UVALDE, Texas - The acting City of Uvalde police chief has been placed on administrative leave following the release of a report investigating the May 24 mass shooting that left 19 children and two teachers dead at Robb Elementary School.
According to a statement from Uvalde Mayor Don McLaughlin, Lt. Mariano Pargas was the acting Chief of Police for the City of Uvalde the day of the shooting.
"This administrative leave is to investigate whether Lt. Pargas was responsible for taking command on May 24th, what specific actions Lt. Pargas took to establish that command, and whether it was even feasible given all the agencies involved and other possible policy violations," says Mayor McLaughlin.
In addition to the administrative leave, the mayor says the city will be conducting its own internal investigation regarding Uvalde PD's actions, policies and procedures.
The city will also be releasing all body cameras from Uvalde police officers taken during the incident.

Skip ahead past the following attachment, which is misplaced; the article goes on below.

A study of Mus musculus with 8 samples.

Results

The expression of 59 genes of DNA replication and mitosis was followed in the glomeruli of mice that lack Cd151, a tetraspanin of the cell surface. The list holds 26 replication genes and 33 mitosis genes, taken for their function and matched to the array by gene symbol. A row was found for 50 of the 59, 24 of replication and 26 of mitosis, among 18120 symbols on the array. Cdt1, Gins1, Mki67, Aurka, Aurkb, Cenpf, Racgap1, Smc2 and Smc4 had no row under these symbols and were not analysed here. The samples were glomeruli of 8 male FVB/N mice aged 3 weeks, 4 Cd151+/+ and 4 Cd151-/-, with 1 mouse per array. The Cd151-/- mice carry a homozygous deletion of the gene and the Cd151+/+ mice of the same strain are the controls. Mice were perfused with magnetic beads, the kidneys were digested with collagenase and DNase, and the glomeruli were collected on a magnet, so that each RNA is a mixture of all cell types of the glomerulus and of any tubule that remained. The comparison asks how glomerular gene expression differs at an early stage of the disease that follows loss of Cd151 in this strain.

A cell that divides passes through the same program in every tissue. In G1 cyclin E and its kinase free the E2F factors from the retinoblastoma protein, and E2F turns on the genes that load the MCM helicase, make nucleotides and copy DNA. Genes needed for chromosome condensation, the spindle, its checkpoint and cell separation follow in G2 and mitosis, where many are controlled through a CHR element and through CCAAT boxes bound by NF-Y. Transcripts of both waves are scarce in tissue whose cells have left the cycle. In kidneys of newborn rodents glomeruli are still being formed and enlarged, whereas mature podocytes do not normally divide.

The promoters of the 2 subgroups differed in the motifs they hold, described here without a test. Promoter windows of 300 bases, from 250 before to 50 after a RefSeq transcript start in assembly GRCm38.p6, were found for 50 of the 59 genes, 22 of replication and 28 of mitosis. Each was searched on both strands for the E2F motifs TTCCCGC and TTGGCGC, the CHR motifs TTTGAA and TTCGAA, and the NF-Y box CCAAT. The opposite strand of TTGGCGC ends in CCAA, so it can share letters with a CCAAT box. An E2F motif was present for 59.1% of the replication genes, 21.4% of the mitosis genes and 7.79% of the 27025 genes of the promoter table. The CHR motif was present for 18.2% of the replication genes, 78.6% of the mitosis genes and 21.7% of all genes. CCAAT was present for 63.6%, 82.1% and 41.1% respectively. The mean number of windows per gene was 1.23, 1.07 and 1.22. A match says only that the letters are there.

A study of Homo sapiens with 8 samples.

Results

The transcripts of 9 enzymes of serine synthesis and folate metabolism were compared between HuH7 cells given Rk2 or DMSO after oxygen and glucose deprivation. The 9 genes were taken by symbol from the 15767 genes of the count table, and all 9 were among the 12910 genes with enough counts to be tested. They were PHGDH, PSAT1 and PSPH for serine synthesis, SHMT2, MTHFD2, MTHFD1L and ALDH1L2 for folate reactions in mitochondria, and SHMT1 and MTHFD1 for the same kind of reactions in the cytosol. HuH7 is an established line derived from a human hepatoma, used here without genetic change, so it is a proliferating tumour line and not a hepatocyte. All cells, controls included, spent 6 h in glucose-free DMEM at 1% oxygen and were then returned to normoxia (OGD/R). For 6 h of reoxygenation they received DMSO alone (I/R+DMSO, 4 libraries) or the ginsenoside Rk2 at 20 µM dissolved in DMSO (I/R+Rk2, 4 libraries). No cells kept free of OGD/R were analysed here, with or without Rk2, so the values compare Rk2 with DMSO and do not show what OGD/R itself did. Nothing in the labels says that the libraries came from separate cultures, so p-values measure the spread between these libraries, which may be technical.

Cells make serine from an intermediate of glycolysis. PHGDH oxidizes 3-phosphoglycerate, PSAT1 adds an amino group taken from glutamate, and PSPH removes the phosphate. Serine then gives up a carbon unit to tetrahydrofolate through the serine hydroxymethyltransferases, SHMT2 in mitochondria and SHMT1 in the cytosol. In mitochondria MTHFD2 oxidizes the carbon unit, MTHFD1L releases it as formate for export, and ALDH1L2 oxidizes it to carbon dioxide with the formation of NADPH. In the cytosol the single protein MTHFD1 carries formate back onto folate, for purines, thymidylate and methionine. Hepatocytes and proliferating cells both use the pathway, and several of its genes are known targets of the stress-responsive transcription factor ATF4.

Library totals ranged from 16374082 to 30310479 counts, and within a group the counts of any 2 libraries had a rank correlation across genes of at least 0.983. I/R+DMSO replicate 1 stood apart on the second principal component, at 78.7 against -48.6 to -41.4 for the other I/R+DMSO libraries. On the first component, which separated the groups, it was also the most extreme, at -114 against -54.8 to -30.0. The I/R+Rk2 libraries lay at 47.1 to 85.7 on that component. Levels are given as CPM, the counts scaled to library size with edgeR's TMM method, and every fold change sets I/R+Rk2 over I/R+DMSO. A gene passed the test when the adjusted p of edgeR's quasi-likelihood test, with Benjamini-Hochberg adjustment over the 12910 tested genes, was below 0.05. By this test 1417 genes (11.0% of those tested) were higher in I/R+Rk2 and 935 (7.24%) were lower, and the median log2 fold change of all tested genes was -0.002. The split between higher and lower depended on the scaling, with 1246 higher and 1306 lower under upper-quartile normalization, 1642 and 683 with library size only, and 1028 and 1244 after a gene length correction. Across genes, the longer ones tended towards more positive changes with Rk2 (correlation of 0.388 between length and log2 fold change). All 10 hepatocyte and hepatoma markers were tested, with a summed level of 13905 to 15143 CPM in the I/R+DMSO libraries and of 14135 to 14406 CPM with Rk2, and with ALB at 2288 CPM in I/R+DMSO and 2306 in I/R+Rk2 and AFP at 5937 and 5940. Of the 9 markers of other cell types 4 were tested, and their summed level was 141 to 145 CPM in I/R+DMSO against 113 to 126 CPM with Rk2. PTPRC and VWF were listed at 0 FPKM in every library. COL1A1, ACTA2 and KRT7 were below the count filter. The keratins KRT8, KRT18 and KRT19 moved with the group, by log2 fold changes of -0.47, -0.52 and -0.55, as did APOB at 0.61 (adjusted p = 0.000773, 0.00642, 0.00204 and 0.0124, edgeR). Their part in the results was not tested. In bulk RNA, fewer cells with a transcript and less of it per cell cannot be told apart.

"We held off on releasing these videos at the District Attorney, Christina Mitchell’s, direction. However, with the release of the school district’s hallway video, we believe these body camera videos provide further, necessary context," McLaughlin said.
This follows the release of a 77-page report— the most complete account yet of the hesitant and haphazard response to the May 24 massacre at Robb Elementary School — which was written by an investigative committee from the Texas House of Representatives. The report outlines "systemic failures and egregious poor decision-making" by nearly everyone involved who was in a position of power, according to the Texas Tribune.